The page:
Has there ever been a time when it’s more important to watch your weight? I’ve had years of practice in trying to keep my weight to a healthy level and it’s not easy. But now, in the age of Covid, it’s more important than ever to try and keep the weight down. In my weight watching blogposts I’m going to share my strategies and my progress.
I like to think about weight management rather than dieting or slimming. I’m well aware that anything to do with body image causes many problems for a lot of people. And I know as well as anyone how difficult it is to reduce weight and then, even more difficult, to keep the weight off.
My approach to weight management is based on two core ideas:
Know what I weigh and ….
….know what I should weigh to be healthy.
I have a weekly weigh-in with a pair of reliable, digital bathroom scales. I’m old fashioned so I like to read my weight in stones and pounds but my scales can be switched to pounds or kilograms.
I try and have my weigh-in on the same day each week and as near to the same time as possible. So it’s usually about 7.30 am on a Saturday morning. I weigh myself before I’ve had anything to drink and that includes my early morning cuppa. I also make sure I’ve had a wee and if possible a d…… but that’s probably too much information! I also remove my pyjamas but if it’s really chilly and I need to keep them on I know they weigh approximately 1lb so I can deduct that from my weekly weight if necessary.
In other words, I ensure I’m as light as possible and that the context for my weigh-in is consistent.
To find out what my healthy weight is I use the Body Mass Index (BMI) Calculator on the NHS website.
You need to enter your
and activity level. It’s useful to read the information about what constitutes brisk exercise.
The BMI Calculator gives you the weight range which is healthy in relation to your height, age and gender. And it tells you bluntly if you’re over weight or even obese. There’s advice as to the next steps you need to take which I think is on the modest side but, hey, it’s better to start with something that might be achievable.
The first time I used the BMI calculator I found that I was overweight.
This was several years ago and the result came as a bit of a shock! Although I knew I needed to lose a few pounds I hadn’t realised quite how much excess weight I’d piled on.
Now my BMI calculation is right in the middle of the healthy range for my height, age and gender. But it’s taken a long time to get there with many ups and downs along the way.
My challenge now is to maintain my healthy weight and that’s not easy either. Getting rid of the weight in the first place was hard; keeping it off is, for me, just as hard.
For a couple of years now the answers to the following questions have formed my weight management plan. First
where are you now?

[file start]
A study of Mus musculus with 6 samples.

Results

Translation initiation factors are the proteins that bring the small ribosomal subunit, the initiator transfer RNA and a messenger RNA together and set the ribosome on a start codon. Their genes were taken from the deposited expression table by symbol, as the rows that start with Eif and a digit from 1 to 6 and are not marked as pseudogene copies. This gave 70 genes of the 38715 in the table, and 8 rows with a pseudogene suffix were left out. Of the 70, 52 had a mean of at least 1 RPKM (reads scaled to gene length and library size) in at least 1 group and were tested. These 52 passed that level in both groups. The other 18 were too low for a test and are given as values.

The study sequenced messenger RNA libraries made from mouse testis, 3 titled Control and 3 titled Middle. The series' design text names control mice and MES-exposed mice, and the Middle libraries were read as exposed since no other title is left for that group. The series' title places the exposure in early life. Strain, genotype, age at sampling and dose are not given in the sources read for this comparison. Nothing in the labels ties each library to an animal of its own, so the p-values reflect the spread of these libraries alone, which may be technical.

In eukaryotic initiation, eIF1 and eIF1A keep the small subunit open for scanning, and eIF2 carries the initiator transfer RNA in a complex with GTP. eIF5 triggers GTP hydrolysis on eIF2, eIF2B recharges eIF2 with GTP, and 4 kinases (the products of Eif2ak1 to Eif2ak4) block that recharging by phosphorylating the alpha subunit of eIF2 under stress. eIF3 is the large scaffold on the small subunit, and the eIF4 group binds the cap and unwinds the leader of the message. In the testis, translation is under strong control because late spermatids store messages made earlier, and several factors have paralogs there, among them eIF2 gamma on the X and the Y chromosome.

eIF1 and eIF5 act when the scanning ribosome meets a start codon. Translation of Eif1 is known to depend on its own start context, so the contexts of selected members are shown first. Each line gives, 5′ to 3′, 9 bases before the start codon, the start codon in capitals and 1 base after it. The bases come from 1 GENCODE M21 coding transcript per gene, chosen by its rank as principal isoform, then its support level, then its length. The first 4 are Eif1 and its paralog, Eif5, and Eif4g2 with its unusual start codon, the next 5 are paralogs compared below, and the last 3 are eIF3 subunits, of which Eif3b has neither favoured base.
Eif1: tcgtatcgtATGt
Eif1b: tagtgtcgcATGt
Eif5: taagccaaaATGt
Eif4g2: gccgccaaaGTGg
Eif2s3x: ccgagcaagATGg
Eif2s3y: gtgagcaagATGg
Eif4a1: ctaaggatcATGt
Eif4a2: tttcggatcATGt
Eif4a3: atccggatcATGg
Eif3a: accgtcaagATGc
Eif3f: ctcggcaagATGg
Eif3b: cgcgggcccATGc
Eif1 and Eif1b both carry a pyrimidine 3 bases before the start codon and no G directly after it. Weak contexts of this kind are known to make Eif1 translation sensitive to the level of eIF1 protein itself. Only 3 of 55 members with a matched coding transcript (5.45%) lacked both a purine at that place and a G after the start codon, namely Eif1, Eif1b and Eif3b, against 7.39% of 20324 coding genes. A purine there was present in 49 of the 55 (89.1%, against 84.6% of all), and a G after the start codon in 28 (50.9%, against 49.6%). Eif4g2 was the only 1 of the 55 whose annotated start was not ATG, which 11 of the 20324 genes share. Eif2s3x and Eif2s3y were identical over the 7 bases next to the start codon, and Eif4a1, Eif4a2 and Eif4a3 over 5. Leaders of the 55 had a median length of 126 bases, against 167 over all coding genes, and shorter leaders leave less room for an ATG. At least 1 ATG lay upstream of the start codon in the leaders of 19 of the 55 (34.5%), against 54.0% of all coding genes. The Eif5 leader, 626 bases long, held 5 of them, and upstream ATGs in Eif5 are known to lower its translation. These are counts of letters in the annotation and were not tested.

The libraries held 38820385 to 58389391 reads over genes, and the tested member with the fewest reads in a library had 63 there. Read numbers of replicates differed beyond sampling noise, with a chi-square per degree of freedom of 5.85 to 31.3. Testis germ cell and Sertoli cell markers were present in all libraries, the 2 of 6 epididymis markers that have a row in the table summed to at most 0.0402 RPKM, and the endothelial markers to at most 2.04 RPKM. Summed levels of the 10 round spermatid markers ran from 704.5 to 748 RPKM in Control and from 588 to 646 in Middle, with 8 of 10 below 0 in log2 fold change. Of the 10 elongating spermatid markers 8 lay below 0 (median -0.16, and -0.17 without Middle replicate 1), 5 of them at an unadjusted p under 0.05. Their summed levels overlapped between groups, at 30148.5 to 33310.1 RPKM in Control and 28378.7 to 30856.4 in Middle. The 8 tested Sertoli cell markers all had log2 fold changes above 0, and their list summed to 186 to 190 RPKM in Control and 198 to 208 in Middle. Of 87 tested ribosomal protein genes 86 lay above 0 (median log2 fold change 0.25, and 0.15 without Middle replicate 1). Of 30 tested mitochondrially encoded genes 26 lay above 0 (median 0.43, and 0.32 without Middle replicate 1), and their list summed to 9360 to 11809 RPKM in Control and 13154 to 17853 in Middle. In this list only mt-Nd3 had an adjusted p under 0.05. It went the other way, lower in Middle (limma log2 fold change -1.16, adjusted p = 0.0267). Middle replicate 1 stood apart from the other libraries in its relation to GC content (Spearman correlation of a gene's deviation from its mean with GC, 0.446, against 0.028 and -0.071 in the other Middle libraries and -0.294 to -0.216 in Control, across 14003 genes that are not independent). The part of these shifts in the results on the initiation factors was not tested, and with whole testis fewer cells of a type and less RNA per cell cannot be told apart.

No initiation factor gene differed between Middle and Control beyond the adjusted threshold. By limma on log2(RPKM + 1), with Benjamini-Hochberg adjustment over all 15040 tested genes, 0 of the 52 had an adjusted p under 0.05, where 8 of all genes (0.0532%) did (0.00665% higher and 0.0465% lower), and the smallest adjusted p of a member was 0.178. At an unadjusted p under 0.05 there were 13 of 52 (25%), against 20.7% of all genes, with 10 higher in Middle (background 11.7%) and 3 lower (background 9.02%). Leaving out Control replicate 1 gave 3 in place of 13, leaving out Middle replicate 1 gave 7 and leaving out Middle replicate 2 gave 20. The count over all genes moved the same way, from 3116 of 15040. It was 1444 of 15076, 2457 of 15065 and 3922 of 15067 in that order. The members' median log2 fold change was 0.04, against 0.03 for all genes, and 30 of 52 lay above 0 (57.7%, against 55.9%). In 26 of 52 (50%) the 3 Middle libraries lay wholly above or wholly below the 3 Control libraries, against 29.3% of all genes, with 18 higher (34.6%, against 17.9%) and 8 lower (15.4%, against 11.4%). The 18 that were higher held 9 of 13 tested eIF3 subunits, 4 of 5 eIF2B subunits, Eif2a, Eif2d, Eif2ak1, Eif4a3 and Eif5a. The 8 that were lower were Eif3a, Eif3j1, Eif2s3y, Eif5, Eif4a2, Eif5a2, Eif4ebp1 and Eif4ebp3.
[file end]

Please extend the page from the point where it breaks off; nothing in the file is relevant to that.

As I’ve explained, using the BMI calculator provided the evidence I needed to convince myself I had to lose some weight. I continue to update it from time to time to check my progress and keep me on track.
At the moment, where I am is 9st 11lbs and that’s a healthy weight for a person of my height, age and gender according to the NHS BMI calculator.
where do you want to be?
I want to weigh a few pounds less than I do at the moment for two reasons. Right now I’m nicely in the middle of my healthy range but Easter is coming and I love chocolate. You can see where I’m going with this, can’t you? If I drop a few more pounds, when I put them back on with Easter Eggs I’ll still be in the healthy range and it won’t be so difficult to motivate myself back to my preferred weight.
Right, that’s one reason. Here’s my other reason for shifting a few more pounds. I have a beautiful dress hanging in the wardrobe that is very close fitting and figure hugging. For the dress to look right I need to be flatter on the tummy which is where, like most older people I carry a dollop of excess flab. I’d like to wear the dress in the summer when, Covid permitting, I’m planning on celebrating my birthday with family and friends. It’s one of those special birthdays with a zero at the end so I’m hoping to have a bit of an occasion.
Two good reasons to try and drop a couple more pounds, then. I’d like to get to 9st 8lbs but I’m going to be ambitious and aim for 9st. 7lbs. I haven’t weighed that since my wedding day over forty years ago but I’d rather like to get there again. And then see if I can get into my wedding dress! I’ve still got it shoved into a box in the back of a cupboard along with the silly little “Juliet” cap I wore on my head.
So, I know what I weigh now and what I’d like to weigh by Easter. Realistically I won’t achieve my target by Easter but so long as I’m going in the right direction I should be okay to indulge in chocolate.
Now, the third question:
how are you going to get there?
I weigh 9st 11lbs. I want to weigh 9st 7lbs. How am I going to make it happen or at least get on the way to making it happen.
My answer is simple. I shall continue to eat less and move more! If you google “eat less, move more” you will find a queue of diet, slimming and weight watching gurus advising you that this is a rubbish idea. They say it doesn’t mean anything and is of no help whatsoever in helping anyone to lose weight.
Well, all I can say is it’s helped me. When I write my next weight watching blogpost I’ll explain how the quote has helped me and what I do to implement it. I always thought it was Minnie Driver who made the saying popular. I thought if it works for her, it must be good and hopefully it will work for me. Whether it was her or not, I really don’t know any more but it doesn’t really matter, does it? Take what works for you and stick with it has always been my motto.